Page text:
University of British Columbia graduates hoping to change the world are getting a little help from their alma mater through an innovative new story sharing platform.
The website, your evolution, allows alumni, staff and faculty to share their charitable projects with UBC’s community of 300,000 alumni. The community can vote for projects to receive additional promotional support and discover ways to get involved and collaborate.
“your evolution is a great way of showing what our alumni are doing to change their world. The response has far surpassed our expectations,” says Jeff Todd, executive director of the UBC Alumni Association. “It is inspiring to hear about these great initiatives and how our alumni can get involved with them through your evolution.”
Since the website launched at the beginning of April, more than 100 projects have been submitted, addressing issues such as food security, early literacy, hearing loss, and gender empowerment. Projects submitted by April 30 are entered into a contest with the project receiving the most votes winning a professionally produced promotional video.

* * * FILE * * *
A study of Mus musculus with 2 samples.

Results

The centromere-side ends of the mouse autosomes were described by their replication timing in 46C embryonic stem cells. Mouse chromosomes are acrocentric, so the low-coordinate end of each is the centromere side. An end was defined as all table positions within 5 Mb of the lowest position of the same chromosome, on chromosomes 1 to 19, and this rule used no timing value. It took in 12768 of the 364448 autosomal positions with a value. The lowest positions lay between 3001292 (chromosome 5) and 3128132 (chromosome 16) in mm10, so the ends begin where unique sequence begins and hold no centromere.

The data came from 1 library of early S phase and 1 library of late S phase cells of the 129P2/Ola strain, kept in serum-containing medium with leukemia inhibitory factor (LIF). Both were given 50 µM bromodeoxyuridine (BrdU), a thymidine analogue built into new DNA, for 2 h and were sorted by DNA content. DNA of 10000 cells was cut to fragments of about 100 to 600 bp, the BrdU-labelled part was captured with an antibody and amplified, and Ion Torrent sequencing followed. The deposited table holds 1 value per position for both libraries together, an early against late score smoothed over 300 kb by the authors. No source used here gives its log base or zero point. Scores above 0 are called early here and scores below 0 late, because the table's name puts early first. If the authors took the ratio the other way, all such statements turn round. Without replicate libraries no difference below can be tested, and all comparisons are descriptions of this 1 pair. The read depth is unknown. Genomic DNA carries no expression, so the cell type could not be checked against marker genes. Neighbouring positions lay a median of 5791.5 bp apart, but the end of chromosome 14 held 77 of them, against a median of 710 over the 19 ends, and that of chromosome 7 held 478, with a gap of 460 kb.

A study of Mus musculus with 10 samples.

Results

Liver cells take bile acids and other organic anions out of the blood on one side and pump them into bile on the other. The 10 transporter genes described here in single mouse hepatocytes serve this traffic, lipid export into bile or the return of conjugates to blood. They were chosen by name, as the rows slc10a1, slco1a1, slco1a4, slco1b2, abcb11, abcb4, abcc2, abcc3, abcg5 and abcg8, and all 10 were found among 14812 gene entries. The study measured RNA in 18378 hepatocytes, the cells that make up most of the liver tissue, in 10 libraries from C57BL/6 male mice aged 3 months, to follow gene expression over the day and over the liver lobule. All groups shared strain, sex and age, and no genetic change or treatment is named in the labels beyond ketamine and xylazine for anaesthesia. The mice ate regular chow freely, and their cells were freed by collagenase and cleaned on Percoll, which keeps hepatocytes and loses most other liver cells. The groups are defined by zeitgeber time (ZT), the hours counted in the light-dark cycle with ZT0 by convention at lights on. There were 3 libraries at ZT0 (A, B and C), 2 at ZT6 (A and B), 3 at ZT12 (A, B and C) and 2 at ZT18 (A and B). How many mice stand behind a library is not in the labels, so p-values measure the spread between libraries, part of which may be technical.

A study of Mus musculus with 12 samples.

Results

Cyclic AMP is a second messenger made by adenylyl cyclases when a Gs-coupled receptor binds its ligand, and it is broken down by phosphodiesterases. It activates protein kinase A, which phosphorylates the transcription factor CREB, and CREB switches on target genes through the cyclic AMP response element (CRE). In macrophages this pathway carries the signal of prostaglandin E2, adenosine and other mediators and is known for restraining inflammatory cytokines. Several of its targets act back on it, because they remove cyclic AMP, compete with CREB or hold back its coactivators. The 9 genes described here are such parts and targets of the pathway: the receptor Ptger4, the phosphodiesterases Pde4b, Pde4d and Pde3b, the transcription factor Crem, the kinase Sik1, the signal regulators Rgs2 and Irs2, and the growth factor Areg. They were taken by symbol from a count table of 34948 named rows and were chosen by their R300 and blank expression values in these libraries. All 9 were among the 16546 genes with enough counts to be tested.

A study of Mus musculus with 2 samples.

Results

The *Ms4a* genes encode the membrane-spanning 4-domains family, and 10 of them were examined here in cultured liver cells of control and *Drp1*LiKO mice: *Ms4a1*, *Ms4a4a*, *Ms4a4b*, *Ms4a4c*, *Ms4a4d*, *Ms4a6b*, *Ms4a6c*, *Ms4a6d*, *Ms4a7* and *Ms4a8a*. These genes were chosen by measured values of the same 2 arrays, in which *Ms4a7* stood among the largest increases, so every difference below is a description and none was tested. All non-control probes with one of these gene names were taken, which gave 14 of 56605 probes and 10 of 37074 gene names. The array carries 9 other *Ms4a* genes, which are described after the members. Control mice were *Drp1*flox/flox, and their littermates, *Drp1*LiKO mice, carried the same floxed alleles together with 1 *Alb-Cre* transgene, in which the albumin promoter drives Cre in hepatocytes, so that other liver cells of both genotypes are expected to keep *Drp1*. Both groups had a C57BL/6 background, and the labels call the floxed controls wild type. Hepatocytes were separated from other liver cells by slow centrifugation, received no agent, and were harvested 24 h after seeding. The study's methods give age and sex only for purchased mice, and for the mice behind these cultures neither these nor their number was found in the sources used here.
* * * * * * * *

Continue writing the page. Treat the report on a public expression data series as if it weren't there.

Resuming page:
The frontrunners for the promotional video prize are:
This program makes tutoring services available to help Lower Mainland children improve academic skills, self-esteem, and attitude toward learning. The network was founded by alumna Dr. Alisa Lipson, a pediatrician and clinical assistant professor at UBC, and alumna Dr. Alison Lee, a pediatric resident at UBC. More information about the program is here.
Parents and families can become overwhelmed with grief following the death of a child. Jens Locher, the manager of web strategy and student recruitment in the Faculty of Graduate and Postdoctoral Studies, is working with other members of the UBC community who have lost children to build awareness and promote October 15 as a day of remembering. More information about the project is here.
The your evolution website was created as part of UBC’s start an evolution campaign, the most ambitious fundraising and alumni engagement campaign in Canadian history.